Faculty Focus series with Ian Lear-Nickum, History Faculty

King's 'Faculty Focus' profiles how our expert faculty bring their passions to their teaching and how their approach to teaching and learning helps students achieve their personal best. In this Q & A, we speak with Ian Lear-Nickum, History Faculty and Grade 10 Dean.

What does our approach to teaching and learning mean to you and how do you incorporate the method into your teaching?

My approach to teaching and learning goes beyond pedagogy, proficiency, or growth. While all those aspects of teaching are incredibly important, establishing strong relationships with each student is equally vital. In other words, there are two levels to teaching and learning.

The first level is understanding how students process information differently and knowing which students in my classroom have achieved certain levels of proficiency in any given area. For example, 'Carl' might have trouble following a mini-lecture and organizing his notes while 'Brenda' can absorb every word of that mini-lecture while being able to synthesize the significance of that lecture. However, Carl is much more adept at analyzing and comparing primary documents, while Brenda struggles to see consistent or conflicting themes within those same documents. Knowing each student at this level of detail not only helps me plan my lessons with greater awareness and intention, but also it remains true that if I fail to know these students in these ways - if I forget to remind myself of where that given student is in his/her progression - then I can't get to that second level of teaching and learning: the relationship of trust between teacher and student that leads to profound growth. Getting to that second level is everything: the only way I can do this is by teaching at a school such as King. Because of our small class sizes, it's impossible to forget that 'Jack' is at this level for this task or that 'Sophie' is at this level for that task. Over the course of a year, we build that trust: they know that I know where they are proficiency-wise, and this allows them to buy into the process of growth. Only then is there a real student-centered and professional scholarly relationship: camaraderie of learning where the student feels valued, confident, and safe.

How do your personal passions influence your teaching? And how do you help students articulate their perspectives and develop their 'voice'?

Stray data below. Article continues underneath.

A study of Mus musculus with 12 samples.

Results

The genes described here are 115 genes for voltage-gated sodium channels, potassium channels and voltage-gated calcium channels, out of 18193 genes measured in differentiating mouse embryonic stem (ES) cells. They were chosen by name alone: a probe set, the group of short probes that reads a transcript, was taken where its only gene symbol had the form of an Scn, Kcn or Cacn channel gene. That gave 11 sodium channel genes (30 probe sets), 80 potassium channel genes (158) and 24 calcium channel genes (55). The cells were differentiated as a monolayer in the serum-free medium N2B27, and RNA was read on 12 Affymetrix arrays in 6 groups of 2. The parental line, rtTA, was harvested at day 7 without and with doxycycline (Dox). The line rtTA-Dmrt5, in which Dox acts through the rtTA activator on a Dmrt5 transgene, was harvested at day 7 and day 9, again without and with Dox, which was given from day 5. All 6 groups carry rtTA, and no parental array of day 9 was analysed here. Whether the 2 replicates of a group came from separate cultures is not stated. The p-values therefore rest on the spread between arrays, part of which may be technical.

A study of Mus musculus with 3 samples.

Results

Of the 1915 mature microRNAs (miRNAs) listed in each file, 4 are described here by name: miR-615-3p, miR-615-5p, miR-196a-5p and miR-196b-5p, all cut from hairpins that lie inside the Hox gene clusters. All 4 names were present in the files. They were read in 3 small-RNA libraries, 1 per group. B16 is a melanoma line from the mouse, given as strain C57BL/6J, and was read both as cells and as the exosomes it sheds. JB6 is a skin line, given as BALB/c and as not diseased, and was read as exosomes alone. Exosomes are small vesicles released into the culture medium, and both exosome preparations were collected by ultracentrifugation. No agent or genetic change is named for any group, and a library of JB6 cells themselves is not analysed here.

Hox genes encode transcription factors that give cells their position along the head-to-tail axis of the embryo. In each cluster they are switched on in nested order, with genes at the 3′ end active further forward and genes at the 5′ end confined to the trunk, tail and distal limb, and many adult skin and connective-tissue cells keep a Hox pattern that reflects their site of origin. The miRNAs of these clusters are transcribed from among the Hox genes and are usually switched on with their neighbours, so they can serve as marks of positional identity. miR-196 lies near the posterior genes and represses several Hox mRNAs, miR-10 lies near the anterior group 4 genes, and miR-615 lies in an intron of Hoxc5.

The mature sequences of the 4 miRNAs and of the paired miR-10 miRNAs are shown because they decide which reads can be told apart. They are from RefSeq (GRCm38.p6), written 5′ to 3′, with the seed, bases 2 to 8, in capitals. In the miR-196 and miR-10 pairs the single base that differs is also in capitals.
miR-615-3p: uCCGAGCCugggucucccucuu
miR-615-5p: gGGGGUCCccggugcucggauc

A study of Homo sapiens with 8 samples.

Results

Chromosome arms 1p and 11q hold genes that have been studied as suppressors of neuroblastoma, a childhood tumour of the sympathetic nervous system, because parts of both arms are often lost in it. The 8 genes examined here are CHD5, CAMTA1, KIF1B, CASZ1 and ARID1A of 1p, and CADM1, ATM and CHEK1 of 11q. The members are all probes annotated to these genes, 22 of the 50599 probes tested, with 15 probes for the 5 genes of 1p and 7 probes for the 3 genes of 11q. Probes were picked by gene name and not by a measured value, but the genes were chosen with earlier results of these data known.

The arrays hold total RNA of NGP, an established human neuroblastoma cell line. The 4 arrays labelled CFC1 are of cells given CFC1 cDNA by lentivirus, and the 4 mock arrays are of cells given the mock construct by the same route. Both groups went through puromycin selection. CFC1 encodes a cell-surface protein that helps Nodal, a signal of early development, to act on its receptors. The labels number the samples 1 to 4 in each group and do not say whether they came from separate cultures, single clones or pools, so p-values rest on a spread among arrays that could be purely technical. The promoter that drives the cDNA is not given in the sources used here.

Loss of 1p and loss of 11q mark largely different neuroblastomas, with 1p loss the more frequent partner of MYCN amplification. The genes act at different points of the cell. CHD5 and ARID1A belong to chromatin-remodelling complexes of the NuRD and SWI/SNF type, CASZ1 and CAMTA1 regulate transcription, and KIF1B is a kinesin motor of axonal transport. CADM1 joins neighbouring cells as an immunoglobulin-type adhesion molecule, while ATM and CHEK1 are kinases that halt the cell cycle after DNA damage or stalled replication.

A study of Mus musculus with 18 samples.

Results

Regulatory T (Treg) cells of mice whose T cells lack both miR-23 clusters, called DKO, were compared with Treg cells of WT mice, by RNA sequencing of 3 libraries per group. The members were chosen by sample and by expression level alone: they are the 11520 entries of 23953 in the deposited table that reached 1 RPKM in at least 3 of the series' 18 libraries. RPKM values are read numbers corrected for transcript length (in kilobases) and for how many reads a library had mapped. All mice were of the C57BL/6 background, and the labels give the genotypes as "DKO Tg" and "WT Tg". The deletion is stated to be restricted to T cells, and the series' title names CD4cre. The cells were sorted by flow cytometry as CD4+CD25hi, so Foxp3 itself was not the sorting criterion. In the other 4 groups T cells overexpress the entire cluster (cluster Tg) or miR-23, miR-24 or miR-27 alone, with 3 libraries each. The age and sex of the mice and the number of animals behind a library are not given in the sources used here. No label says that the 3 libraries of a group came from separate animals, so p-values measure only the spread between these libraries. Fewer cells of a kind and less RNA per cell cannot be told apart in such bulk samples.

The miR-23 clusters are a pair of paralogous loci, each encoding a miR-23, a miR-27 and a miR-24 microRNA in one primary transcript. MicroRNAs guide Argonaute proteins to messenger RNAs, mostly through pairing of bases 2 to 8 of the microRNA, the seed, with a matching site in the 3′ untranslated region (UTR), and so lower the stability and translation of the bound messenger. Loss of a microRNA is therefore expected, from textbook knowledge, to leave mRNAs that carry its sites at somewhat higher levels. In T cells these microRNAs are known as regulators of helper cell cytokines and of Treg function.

As my wife and young kids will tell you, I discuss history and politics with literally anyone who will listen - it's incessant. I'm always analyzing, comparing, contextualizing, and taking multiple perspectives. My son Jamie has had to say, "Dad, please stop talking about this" on more than one occasion. Aside from the occasional conversation about sports or music - or in the case of my kids, Legos, princesses, and diaper changes, respectively - I am constantly talking about or thinking about current events and how the past informs and shapes the present. This energy bleeds into my teaching: if something happens in the world tonight, we know about it immediately thanks to technology, and I immediately seize that moment to help students realize how immediate the past is in relation to the present moment. My students see this, and then they start doing it, too: "Hey, Mr. Lear-Nickum, did you see what happened last night?" These are the magical moments, because unless the teacher genuinely cares what adolescents have to say about any given topic, their voice could be stifled or ultimately silenced. These are the kids that are going to be inheriting our long term problems: don't we need them to start formulating cogent opinions based on evidence now as opposed to later? Don't we owe it to them to teach them how to see issues from every angle?

The rules of engagement in my classroom are pretty simple: use evidence, use respectful language, utilize reason, and be willing to see things from multiple perspectives. In class and during debate practice, I let them go at it while I referee: the discussions they get into are creative, exploratory, envelope pushing, and real. As long as they feel like their words are heard and valued, the energy is contagious.

How do you create a personal and meaningful learning experience for your students?

I think the trick here is to always relate whatever we are discussing to their own lives: in what ways have you, the student, felt this way before? In what ways have you walked a mile in this historical figure's shoes? You have to make it relatable to the group and to the individual, which is difficult sometimes because these are adolescents of varying experiences, interests, and backgrounds. However, in politics and history the constant theme is power. Adolescents have tremendous experience with power: they live it every day - parents, teachers, friends, the school, and the government. They are acutely aware of what powers they have and what powers escape them. It also helps to bring kids to a decision-making moment: get them to the point where they are literally playing the role of Bismarck as he is deciding whether or not to besiege Paris during the Franco-Prussian War. Would you, the student, do what Bismarck did? This teaches them about more than history: it teaches contingency - that life does not unfold without accidents, systems, and choices; personal responsibility - that your decisions have consequences that you may or may not intend, and you always have to live with those decisions for ill or for good; and character - you may think you'd make the "right" decision, but how do you know that you would unless you're put in that position? The students have to buy-in to the fact that they themselves might one day be in the exact same situation.